Gloria Vanderbilt’s son Anderson Cooper to inherit less than $1.5M, report says

Anderson Cooper will inherit some of his mother Gloria Vanderbilt’s estate after all — but not the multimillions of dollars fans speculated.


Reports initially indicated that Vanderbilt had an estimated net worth of $200 million. Her family's fortune, however, diminished over the years due to charitable donations and lavish spending, Forbes reported. Some believed Vanderbilt would donate the rest of her fortune to philanthropy.

The $1.5 million inheritance is more than what Cooper was expecting to receive. The “Anderson Cooper 360” anchor told Howard Stern on his radio show in 2014 that his mother made it clear “there is no inheritance.”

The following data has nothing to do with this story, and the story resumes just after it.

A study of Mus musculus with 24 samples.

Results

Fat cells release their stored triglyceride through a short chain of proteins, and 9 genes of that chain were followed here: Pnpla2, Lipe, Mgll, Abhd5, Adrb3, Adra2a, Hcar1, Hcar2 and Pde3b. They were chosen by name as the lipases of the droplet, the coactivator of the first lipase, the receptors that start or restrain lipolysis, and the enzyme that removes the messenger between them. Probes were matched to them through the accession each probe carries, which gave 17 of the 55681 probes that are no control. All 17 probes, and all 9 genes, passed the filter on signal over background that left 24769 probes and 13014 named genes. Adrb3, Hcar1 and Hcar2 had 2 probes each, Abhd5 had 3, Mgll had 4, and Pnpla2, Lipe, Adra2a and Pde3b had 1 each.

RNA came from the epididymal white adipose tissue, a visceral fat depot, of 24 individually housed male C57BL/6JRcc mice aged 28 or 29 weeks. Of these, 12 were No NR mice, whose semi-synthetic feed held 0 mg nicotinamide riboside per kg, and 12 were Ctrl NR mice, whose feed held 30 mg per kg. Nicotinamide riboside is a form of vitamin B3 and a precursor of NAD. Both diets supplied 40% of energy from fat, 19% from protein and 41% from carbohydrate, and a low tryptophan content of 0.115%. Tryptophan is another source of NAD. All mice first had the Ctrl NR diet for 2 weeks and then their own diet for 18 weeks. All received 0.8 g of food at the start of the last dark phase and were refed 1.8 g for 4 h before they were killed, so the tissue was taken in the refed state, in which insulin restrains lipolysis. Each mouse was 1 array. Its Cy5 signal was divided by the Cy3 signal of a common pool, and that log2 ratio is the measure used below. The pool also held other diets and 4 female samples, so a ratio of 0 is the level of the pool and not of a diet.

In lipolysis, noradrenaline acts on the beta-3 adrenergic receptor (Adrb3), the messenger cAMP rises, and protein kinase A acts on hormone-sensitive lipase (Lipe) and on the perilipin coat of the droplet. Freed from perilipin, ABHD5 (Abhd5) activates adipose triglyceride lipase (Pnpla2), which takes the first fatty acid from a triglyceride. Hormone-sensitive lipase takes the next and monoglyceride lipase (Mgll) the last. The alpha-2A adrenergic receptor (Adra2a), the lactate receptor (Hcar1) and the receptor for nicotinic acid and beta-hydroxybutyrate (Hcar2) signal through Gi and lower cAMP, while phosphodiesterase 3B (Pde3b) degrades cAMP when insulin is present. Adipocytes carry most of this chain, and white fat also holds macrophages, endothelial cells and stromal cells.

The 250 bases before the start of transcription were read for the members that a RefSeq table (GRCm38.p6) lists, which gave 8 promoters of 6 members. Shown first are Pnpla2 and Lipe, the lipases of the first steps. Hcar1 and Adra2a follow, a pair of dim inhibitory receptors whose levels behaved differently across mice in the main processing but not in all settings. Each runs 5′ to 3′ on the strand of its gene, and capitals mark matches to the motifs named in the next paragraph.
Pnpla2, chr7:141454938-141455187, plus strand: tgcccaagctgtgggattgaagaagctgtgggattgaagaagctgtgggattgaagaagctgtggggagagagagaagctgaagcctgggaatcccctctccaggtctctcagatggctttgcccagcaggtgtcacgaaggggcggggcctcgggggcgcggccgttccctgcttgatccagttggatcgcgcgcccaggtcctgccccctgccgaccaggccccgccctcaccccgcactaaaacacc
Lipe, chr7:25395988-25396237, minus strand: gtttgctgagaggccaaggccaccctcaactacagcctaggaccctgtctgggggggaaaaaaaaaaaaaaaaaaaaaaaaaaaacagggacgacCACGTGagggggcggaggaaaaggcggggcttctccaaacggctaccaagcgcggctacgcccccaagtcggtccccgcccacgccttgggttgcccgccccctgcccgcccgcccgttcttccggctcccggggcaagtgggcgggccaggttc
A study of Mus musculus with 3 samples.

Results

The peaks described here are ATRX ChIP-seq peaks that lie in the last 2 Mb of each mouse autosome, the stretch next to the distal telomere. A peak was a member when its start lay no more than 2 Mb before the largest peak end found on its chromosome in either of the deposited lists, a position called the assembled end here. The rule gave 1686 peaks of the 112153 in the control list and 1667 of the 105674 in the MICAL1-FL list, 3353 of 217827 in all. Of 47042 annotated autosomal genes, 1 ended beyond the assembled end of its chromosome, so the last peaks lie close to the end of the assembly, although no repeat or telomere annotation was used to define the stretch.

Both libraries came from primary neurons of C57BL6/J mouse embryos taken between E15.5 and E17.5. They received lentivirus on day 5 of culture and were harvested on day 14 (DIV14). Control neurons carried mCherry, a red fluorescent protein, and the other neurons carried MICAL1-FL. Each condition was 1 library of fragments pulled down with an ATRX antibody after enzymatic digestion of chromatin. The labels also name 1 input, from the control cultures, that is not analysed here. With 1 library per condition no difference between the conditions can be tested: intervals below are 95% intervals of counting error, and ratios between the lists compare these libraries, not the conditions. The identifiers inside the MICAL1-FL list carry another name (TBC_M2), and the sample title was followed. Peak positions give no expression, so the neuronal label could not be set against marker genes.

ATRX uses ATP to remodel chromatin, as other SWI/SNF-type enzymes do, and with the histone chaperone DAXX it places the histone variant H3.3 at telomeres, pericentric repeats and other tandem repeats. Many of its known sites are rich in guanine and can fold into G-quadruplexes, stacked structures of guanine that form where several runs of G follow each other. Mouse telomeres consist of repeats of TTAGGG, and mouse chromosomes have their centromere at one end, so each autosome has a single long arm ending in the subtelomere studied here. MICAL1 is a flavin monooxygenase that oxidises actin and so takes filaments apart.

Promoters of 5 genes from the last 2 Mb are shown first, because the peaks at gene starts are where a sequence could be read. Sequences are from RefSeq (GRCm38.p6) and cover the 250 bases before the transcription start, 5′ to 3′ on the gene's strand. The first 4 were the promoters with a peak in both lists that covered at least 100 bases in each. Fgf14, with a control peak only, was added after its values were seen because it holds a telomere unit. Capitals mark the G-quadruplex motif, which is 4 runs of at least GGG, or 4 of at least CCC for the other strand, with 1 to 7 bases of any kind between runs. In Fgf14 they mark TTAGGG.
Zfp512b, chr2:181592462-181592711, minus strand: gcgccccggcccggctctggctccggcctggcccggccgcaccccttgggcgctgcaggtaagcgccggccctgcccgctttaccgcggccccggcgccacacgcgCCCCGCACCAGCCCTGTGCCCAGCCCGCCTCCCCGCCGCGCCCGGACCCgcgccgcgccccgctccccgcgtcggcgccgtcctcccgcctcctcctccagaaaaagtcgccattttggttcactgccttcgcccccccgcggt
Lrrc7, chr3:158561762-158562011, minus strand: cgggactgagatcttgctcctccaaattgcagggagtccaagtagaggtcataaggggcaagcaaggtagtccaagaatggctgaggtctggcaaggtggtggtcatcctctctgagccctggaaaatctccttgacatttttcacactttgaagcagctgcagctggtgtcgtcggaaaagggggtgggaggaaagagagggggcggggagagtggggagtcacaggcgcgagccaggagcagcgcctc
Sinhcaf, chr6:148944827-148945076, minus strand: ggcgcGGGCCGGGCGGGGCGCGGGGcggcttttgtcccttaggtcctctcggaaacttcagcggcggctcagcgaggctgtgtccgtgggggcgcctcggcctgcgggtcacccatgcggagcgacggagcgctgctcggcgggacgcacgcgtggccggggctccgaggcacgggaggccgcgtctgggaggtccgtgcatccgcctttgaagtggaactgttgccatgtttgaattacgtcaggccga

"My mom's made clear to me that there's no trust fund. There's none of that," Cooper told Stern. "[And] I don't believe in inheriting money."

The “Anderson Cooper 360” anchor said inheriting money was an “initiative sucker” and a "curse."

CNN anchor Anderson Cooper and his mother, Gloria Vanderbilt. (AP)

"Who has inherited a lot of money that has gone on to do things in their own life?" Cooper asked Stern. "From the time I was growing up, if I felt that there was some pot of gold waiting for me, I don't know that I would've been so motivated."

Vanderbilt, who died in June after battling stomach cancer, knew the consequences of inheriting a large sum of money. The great-great-granddaughter of financier Cornelius Vanderbilt became known as the “poor little rich girl” in 1934 at age 10 when her mother, Gloria Morgan Vanderbilt, and aunt, Gertrude Vanderbilt Whitney, were embroiled in a custody dispute that involved her $5 million trust fund.

Whitney eventually won custody, and by 1945, Vanderbilt came into her own trust fund at age 21.